Increasing capacity through new ATC concepts walking tour: Securing future airspace capacity
A flavour of new procedures and tools available from SESAR JU research work featured in the SESAR walking tour held during World ATM Congress to highlight new concepts aimed at increasing airspace capacity. With demand predicted to increase by 50% over the next 20 years, these procedural and technological changes are key to realising much needed capacity gain. SESAR ATM Expert, Olivia Nunez, told attendees the SESAR Solutions are pan-European in application. “Solutions modelled here can be extrapolated and applied anywhere in Europe.”
The first example was provided by a joint project between Enaire and INECO focused on enhanced arrival procedures. Satellite-based procedures allow more flexible landing patterns such as displaced thresholds and steeper glideslopes, increasing throughput at capacity-constrained runways. INECO’s fast-time simulation revealed up to 6% increase at Madrid Barajas depending on the time of day using Ground Based Augmentation System (GBAS) landing guidance. The capability can be combined with existing instrument landing procedures to allow equipage rates to increase over time, estimated to include about 25% of aircraft by 2025.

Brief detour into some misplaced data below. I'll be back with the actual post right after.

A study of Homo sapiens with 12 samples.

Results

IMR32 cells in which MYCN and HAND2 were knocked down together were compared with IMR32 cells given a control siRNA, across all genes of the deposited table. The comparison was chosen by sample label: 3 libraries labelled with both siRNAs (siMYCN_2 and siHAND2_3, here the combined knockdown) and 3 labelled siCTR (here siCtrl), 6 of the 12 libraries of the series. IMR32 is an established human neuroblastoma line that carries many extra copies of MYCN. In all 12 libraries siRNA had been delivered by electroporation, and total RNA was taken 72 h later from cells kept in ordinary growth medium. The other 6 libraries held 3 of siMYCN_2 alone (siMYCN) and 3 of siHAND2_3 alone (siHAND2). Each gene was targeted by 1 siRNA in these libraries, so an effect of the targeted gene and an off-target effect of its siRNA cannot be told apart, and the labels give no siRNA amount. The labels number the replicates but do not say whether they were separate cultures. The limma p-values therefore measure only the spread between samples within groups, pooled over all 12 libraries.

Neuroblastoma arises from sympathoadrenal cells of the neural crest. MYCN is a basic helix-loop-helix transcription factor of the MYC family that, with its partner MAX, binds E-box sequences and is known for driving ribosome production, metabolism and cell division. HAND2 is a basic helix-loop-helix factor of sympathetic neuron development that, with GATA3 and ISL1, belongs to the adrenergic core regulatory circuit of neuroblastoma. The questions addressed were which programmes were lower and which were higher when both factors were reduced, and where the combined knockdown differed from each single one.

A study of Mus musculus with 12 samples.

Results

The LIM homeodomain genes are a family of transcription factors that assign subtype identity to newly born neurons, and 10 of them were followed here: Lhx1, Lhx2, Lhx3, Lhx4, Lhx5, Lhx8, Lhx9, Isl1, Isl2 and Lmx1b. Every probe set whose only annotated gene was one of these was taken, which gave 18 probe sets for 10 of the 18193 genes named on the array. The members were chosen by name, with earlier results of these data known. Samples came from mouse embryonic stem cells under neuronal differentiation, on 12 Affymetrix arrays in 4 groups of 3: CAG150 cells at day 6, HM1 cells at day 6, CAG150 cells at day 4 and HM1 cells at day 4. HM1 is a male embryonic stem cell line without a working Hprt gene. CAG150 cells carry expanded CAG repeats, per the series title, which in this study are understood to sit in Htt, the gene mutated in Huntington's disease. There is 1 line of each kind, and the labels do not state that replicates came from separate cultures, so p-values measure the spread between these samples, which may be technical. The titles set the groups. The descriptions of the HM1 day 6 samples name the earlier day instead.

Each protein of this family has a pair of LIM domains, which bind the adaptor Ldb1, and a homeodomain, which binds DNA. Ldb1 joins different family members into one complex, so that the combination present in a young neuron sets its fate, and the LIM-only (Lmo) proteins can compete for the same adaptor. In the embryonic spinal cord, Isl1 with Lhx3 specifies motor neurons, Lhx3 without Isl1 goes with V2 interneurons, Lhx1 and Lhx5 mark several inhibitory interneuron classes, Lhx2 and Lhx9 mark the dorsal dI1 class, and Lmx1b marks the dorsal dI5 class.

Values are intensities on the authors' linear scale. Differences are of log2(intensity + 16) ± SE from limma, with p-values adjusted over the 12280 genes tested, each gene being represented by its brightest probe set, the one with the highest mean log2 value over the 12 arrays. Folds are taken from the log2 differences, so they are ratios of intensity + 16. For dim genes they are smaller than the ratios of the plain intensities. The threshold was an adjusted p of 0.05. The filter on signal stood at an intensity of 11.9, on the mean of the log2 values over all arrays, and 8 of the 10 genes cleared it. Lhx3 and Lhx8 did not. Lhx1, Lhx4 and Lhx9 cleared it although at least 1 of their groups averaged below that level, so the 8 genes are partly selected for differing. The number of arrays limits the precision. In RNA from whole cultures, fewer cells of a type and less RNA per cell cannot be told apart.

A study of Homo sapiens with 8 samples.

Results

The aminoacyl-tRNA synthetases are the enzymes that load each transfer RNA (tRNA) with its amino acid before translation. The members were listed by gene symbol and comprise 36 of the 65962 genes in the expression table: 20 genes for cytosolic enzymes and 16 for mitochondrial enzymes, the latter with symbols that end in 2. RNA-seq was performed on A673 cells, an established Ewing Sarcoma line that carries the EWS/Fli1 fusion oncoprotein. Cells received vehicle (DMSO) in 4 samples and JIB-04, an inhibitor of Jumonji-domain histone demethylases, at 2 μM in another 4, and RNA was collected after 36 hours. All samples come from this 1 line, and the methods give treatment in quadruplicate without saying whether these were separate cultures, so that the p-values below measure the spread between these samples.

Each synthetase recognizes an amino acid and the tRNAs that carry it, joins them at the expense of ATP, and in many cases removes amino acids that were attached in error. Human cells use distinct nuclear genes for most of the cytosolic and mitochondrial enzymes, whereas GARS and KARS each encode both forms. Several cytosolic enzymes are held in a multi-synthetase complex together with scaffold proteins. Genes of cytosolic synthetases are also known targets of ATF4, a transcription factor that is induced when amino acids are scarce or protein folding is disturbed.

HungaroControl shared cross-border benefits arising from the latest ATC system upgrade, which enables free-route airspace across Hungary and Austria. Since February 2019, flight arrival data is shared between the adjacent centres to optimise arrival streams along with conflict detection data. Longer term, HungaroControl is working with the German research establishment DLR on the concept of flight-centric operations. A simulation involving 10 controllers handled many more aircraft when flights were allocated according to workload, rather than sector capacity. The procedure, which is still at an early stage of development, is familiar to military controllers but not used in civilian airspace, however it could result in more direct flight profiles and reduced fuel consumption.
Further airspace redesign procedures were detailed at the DSNA stand, where the French air navigation service provider described how dynamic airspace configuration can be used to reduce the peaks and troughs in traffic flow which result in congestion. The SWIM integrated network management and extended ATC planning services (SINAPS) tool provides support to flow managers to work out optimum sector configurations. It relies on the latest data mining and machine learning techniques to maximise available resources.
Olivia Nunez completed the walking tour of capacity enhancing measures by stopping at the COOPANS Alliance stand. Here an advanced tactical flight planning tool under development promises to deliver more efficient flight profiles within a shorter time frame before coming under tactical control.